Birds of Brooklyn: Double-Crested Cormorant
The double-crested cormorant is all over the place—the lake in Prospect Park, the Central Park Reservoir, and sometimes the Japanese Hill-and-Pond Garden at Brooklyn Botanic Garden. This large black waterbird is one of the most common birds in the New York City area, and it’s often seen near bodies of water—both large and small, freshwater and saltwater—perching on rocks and small trees spreading its wings out to dry. An excellent fisherman, the double-crested cormorant's diet consists almost entirely of fish.
This web-footed bird can dive deep. Unlike ducks, which have slick, oily feathers that allow water to bead and roll off their backs, the cormorant has little preen oil. This means water soaks into its feathers. The advantage of this is that the soaked bird is heavier and thus able to dive quite deep in pursuit of fish. The disadvantage is that wet feathers make flying difficult, which is why you’ll see cormorants constantly spreading their wings out to dry.
Some people regard double-crested cormorants as big and ugly, but there is actually a lot to appreciate about their looks. They have bright, yellow-orange skin in the facial area that sets off their beautiful aquamarine eyes. In breeding season the bird shows its double crests which are usually dark, though on the West Coast, especially Alaska, they can be white.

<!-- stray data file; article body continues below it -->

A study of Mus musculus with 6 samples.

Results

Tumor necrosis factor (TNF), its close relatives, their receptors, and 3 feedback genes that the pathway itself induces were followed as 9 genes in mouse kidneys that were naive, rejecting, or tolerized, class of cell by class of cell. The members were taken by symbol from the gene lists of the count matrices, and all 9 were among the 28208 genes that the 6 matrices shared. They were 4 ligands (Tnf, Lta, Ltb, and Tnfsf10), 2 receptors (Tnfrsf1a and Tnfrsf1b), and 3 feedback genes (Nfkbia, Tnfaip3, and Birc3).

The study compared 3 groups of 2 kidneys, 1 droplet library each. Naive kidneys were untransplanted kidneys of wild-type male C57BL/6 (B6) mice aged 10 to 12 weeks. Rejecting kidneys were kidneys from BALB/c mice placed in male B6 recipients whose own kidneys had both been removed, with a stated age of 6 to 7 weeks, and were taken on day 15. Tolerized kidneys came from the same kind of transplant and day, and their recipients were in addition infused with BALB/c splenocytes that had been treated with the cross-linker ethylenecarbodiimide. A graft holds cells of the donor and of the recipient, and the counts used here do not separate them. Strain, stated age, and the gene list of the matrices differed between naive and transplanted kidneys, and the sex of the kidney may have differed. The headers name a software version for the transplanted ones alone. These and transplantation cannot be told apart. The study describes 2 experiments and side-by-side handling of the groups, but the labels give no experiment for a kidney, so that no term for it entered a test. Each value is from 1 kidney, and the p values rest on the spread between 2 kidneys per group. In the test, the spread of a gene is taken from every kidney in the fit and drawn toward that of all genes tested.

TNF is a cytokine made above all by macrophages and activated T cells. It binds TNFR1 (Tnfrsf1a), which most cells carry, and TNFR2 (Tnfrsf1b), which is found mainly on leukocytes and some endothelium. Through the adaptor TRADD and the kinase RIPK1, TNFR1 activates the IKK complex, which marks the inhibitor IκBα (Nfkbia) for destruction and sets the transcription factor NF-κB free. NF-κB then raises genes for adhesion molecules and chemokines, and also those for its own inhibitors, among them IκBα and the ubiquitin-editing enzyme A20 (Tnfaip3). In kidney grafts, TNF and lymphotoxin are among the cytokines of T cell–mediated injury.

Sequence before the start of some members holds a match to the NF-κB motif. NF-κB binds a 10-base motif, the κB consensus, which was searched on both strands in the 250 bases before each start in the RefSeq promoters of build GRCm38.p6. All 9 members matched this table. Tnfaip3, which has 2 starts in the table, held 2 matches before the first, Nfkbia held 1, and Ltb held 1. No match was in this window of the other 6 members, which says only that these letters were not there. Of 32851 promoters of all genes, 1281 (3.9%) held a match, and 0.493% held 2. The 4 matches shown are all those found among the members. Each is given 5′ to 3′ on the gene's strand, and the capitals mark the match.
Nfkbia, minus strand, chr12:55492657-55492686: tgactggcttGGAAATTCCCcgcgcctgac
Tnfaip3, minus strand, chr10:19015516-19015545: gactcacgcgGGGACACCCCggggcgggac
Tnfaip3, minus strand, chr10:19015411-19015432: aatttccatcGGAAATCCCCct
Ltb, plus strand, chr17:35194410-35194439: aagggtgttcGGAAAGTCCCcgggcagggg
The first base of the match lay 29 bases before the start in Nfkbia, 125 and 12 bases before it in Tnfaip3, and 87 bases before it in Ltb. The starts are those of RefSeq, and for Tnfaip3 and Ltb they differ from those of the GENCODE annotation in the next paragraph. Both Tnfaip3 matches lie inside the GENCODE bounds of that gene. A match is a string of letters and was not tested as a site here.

The double-crested cormorant is a colonial nester, unlike most of our area's backyard birds which are solitary nesters. They generally nest well north of the city, but there is a colony on U Thant Island in the East River. Their nests, usually made of sticks, and lined with grass, are found on the ground, on rocks and in trees, though accumulations of the birds' acidic guano usually kills the trees that the nests are in. (U Thant Island looks almost all white because of the guano!) Cormorants have been known to feed socially as well. I have seen them form large groups and work together to herd the fish and then feast on their catch. Teamwork at its best.
Similar birds, like loons, have a slightly different profile when in the water, but can be confused with cormorants from distance. One thing to look for is that the cormorant likes to have its bill slightly tilted upward while the common loon’s bill is usually straight and parallel to the water. The cormorant also has a slight hook on its bill while the loon does not. One of the thrills of birding is going into the field armed with knowledge like this so you can really look closely at a bird and say “Oh, yes, I know all about you.”
The Birds of Brooklyn series looks at some of the most familiar and fascinating birds that call Kings County their habitat.